Somewhere within our crowded sky, a crew of wormhole builders hops from planet to planet, on their way to the job of a lifetime. To the galaxy at large, humanity is a minor species, and one patched-up construction vessel is a mere speck on the starchart. This is an everyday sort of ship, just trying to get from here to there.
But all voyages leave their mark, and even the most ordinary of people have stories worth telling. Set against a backdrop of curious cultures and distant worlds, this episodic tale weaves together the travels of nine eclectic characters, each on a journey of their own.
Read if you loved: The Book of Strange New Things – Michel Faber
Becky Chambers Biography
Becky Chambers was raised in California as the progeny of an astrobiology educator, an aerospace engineer, and an Apollo-era rocket scientist.
An inevitable space enthusiast, she made the obvious choice of studying performing arts.
After a few years in theater administration, she shifted her focus toward writing.
She worked as a freelancer between 2010 and 2014, during which time her work appeared at The Mary Sue, Tor.com, Five Out Of Ten, and The Toast.
Her writing time for The Long Way to a Small, Angry Planet was funded in 2012 thanks to a successful Kickstarter campaign.
After living in Scotland and Iceland, Becky is now back in her home state in Northern California.
Becky Chambers on the Inspiration Behind The Long Way to a Small Angry Planet
I grew up with space stories: Star Trek, Star Wars, a family full of aerospace nerds. Most nights, when I lay in bed, I imagined myself aboard the Enterprise-D, traipsing through Mos Eisley, flying through nebulae. But those futures — and the ones I’d fall for as an adult, too — always belonged to an upper-crust crowd. Space was a place we saw through the eyes of heroes. You had to have the best ship, the biggest guns. Even the scruffy, scrappy heroes were more special than their peers. Chosen ones. Top-of-their-class. Badasses like no other. I dug that, and I still do. And there’s a parallel there with the people orbiting our planet now. Only the best of us get to leave Earth. Doesn’t matter if you’re talking military elite, or intellectual elite, or financially elite — you can’t get there without the Right Stuff.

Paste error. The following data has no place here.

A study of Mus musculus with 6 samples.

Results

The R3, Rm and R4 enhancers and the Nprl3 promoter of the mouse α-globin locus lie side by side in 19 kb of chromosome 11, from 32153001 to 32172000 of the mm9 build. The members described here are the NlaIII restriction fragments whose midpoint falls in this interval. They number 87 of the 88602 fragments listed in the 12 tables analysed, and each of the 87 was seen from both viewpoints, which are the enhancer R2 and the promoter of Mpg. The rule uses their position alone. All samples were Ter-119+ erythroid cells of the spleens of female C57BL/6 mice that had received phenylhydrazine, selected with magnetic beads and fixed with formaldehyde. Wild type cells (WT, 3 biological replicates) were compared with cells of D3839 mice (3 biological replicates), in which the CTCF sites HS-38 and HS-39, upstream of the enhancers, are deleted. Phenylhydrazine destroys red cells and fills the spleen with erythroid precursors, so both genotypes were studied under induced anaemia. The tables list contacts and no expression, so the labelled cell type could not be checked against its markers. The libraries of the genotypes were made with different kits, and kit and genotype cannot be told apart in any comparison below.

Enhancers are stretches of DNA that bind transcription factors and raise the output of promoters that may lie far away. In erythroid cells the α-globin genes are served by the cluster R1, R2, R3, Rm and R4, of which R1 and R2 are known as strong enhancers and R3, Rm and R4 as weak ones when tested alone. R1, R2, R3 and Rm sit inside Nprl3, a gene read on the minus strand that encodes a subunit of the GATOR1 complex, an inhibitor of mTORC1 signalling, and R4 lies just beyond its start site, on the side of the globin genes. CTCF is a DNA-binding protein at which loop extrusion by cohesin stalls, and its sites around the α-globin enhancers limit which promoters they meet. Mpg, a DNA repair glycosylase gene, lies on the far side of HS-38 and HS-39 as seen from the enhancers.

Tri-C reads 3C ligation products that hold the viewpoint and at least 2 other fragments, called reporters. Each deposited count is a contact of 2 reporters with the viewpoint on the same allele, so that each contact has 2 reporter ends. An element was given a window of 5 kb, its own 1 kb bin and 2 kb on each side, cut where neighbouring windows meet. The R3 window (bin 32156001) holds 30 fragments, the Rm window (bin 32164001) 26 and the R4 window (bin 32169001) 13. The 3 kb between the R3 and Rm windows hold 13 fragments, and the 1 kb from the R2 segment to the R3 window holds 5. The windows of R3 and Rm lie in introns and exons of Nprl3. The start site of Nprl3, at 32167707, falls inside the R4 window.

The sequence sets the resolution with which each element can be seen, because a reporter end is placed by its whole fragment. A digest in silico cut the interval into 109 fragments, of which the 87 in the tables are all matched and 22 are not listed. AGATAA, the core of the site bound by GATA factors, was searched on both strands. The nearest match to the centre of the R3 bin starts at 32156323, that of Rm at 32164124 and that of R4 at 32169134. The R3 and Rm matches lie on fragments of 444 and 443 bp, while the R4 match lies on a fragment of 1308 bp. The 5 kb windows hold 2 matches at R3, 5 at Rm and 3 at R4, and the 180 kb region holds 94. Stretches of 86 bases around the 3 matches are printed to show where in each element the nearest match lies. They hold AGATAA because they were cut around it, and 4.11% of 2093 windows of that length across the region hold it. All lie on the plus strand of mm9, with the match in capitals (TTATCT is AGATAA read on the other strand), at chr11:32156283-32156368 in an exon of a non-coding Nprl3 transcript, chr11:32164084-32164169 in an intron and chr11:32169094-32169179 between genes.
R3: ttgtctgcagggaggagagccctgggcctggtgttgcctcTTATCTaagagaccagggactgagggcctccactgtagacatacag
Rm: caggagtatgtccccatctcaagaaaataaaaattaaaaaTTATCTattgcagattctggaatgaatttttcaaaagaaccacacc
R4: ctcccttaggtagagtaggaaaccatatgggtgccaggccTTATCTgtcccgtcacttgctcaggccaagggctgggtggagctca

The Long Way to a Small, Angry Planet was written out of a lifelong desire to see what it would be like for ordinary folks to live in a multispecies, intergalactic future. I love me my heroes, but I want to know how the galaxy treats the rest of us. My book has the same core components as a big, sprawling space opera — alien civilizations, seedy spaceports, interplanetary political snarls — but I flipped the camera around, back toward the people walking through the background. Mine is a future in which space is for everybody, a future that feels good to be in. I understand why so many of our fictions these days focus on the grim and grubby. These are complicated times, and sci-fi largely reflects our anxieties about what will become of our species. That’s needed, and necessary. But we also need stories that make us hopeful about where we might be headed after we get through the immediate slog. The Long Way’s my shot at that. There are bad guys and hard times, sure. That’s life. But life can be a good thing, overall. I’m biased, of course, but I think it’d be especially good on a spaceship.
There’s a whole mess of other smaller inspirations tucked into the story, too. Things I saw while traveling. People I met along the road. A solution for finding tooth-brushing to be really boring. It’s a lot of weird little bits and pieces, but like all things, they fall together.